Born in 1806 Heinrich Munzel was a master craftsman from Hanover, Germany. In 1835 he married Anna (nee Semmelhack) in Hamburg, and soon after the couple sailed to Pernambuco, Brazil, where Hanover artisans were in high demand by the new Portuguese rulers who wanted to restore the baroque architecture following the departure of the Dutch West Indies Company.
While in Pernambuco, Heinrich crafted a model double spiral staircase from Brazilwood which would have been used to establish his name and demonstrate his craftsmanship. Heinrich and Anna had three children in Brazil, Edward (born 1840), Caroline (born 1844), and Johanna (born 1846). They remained in Pernambuco until the political unrest of the Praieira Revolt in 1849 caused them to flee to Australia onboard the sailing ship “Laura”, with Heinrich bringing the staircase model.
After arriving in Sydney on 6th March 1850, Heinrich established a business crafting billiard tables. He also changed his name from Heinrich to Henry.
In 1853 the Munzel family relocated to the Sandhurst (Bendigo) gold diggings, where Henry established an artisan workshop and crafted staircases and furnishings for the new buildings of Bendigo. While it was after the initial rush of 1851, the area was still being inundated with gold seekers. In the previous year, 1852, more than 5,000 diggers were arriving each week, with the number of miners on the fields reaching more than 40,000. The establishment of Munzel's workshop was well timed for the transition from canvas to more permanent buildings, and the desire to display the wealth created from the goldfields. Permanent buildings were erected in the Government Camp during 1853, and the land was surveyed and the first sale of town allotments occurred in 1854.
The Munzel family was part of the growing German settlement in Sandhurst. They were the third largest ethnic group on the goldfields, surpassed only by those of Chinese and British origin, and by 1861 they numbered 10,000. By 1864 there were already 13 German associations in Victoria's gold field towns. The streetscapes and major buildings of Sandhurst were strongly influenced by the work of German architects, including Mauermann, Nicolai, Bosselmann, Lehmann, Wilhelm C. Vahland and Robert Getzschmann. Vahland encouraged European artisans to immigrate to the Bendigo gold fields with the aim of creating 'the Vienna (Wien) of the south'. A German Common School was built in Bendigo in 1857, and in 1865 the Lutheran Christchurch School and Church in Rohan Street, was established after Lutheran pastor Friedrich Munzel, a relative of Munzel's, was requested to establish another. At one time the Commercial Bank of Sandhurst even over-printed its paper-money in German, no doubt for the convenience of the large German-speaking population in the district.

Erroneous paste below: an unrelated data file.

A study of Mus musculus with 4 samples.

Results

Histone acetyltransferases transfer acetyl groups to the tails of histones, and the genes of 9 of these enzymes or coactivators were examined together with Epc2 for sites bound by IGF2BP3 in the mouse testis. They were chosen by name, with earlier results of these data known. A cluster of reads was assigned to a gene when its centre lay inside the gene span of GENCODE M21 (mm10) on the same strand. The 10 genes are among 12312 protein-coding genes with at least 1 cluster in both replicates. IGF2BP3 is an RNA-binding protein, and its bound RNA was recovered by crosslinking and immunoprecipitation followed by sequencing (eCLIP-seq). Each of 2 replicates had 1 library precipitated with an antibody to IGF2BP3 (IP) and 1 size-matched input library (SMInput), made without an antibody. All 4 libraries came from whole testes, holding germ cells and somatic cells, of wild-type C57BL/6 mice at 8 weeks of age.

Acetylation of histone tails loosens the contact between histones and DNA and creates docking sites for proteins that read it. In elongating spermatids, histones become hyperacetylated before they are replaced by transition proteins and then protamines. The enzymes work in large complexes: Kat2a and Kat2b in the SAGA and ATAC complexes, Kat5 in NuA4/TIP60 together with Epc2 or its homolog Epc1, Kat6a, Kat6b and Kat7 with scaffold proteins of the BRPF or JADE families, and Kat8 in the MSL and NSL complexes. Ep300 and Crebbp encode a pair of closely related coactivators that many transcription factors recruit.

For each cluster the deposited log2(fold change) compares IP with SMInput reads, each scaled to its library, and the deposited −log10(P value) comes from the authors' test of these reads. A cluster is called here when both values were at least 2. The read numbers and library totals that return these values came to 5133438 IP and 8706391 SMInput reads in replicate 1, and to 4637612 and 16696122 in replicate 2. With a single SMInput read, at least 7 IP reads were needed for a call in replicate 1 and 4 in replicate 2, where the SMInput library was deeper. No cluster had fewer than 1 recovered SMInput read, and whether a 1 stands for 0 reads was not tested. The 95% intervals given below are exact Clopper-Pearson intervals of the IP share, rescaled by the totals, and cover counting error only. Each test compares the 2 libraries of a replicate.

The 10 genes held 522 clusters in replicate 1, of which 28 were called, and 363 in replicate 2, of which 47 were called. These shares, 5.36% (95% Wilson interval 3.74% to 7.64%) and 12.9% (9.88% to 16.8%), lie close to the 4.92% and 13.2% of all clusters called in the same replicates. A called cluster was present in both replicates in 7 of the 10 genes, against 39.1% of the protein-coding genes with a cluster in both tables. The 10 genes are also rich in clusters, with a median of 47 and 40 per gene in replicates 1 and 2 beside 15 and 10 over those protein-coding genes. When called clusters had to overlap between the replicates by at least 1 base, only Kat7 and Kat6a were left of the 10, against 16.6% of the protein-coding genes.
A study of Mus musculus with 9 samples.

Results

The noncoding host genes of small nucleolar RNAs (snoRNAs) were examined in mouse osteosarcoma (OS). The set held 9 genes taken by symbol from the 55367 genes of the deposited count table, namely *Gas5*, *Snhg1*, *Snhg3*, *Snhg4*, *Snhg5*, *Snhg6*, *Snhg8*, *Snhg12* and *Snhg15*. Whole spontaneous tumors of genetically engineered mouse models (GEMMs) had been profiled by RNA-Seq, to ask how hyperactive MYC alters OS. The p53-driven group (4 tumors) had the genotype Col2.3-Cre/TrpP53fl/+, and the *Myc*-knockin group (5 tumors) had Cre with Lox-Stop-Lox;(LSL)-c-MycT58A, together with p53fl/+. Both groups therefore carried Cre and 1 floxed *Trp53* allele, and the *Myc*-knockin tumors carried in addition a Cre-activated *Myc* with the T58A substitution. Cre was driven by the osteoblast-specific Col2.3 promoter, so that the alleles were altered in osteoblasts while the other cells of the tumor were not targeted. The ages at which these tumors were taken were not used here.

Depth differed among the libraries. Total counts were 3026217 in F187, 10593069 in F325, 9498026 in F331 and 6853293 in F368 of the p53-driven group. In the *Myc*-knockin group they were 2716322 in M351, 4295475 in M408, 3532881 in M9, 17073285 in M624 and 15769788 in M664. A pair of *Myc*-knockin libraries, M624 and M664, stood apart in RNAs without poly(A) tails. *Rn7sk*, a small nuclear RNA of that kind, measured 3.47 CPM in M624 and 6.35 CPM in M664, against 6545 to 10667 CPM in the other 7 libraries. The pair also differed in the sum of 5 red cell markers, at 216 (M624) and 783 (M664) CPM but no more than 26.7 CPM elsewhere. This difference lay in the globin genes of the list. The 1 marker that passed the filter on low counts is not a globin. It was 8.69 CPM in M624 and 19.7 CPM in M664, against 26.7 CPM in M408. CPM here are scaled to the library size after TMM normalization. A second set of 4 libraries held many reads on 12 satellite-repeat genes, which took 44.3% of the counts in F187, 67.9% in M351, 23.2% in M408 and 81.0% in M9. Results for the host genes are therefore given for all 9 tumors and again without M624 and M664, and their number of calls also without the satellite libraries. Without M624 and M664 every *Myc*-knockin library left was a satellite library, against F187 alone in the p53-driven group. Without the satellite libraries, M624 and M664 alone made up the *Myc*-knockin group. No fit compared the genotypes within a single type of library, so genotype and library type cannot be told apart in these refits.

Munzel's 'talents were very highly regarded' and his business was responsible for furnishings and stairways in many of Bendigo's churches, schools and hotels, including the staircases in the City Family Hotel, the Central Camp Hill Primary School and the Fortuna Villa. He trained his son Edward, and his grandsons Heinrich and Charles, in the use of Redgum hardwood. The extended family became involved in the gathering and crafting of Murray River hardwoods from the Gunbower and Barmah forests.
In 1866 Munzel entered his staircase model in the Sandhurst Division of the Inter-Colonial Exhibition held in Melbourne, where it was one of nearly 3,000 exhibits on display from every Australian colony and New Zealand, New Caledonia, Mauritius and the Dutch East Indies. It was awarded an Honourable Mention at the exhibition, and Munzel was presented with a medallion and certificate of recognition.
Frank Cusack (ed), Bendigo, the German Chapter (Bendigo: The German Heritage Society, 1998), p. 191.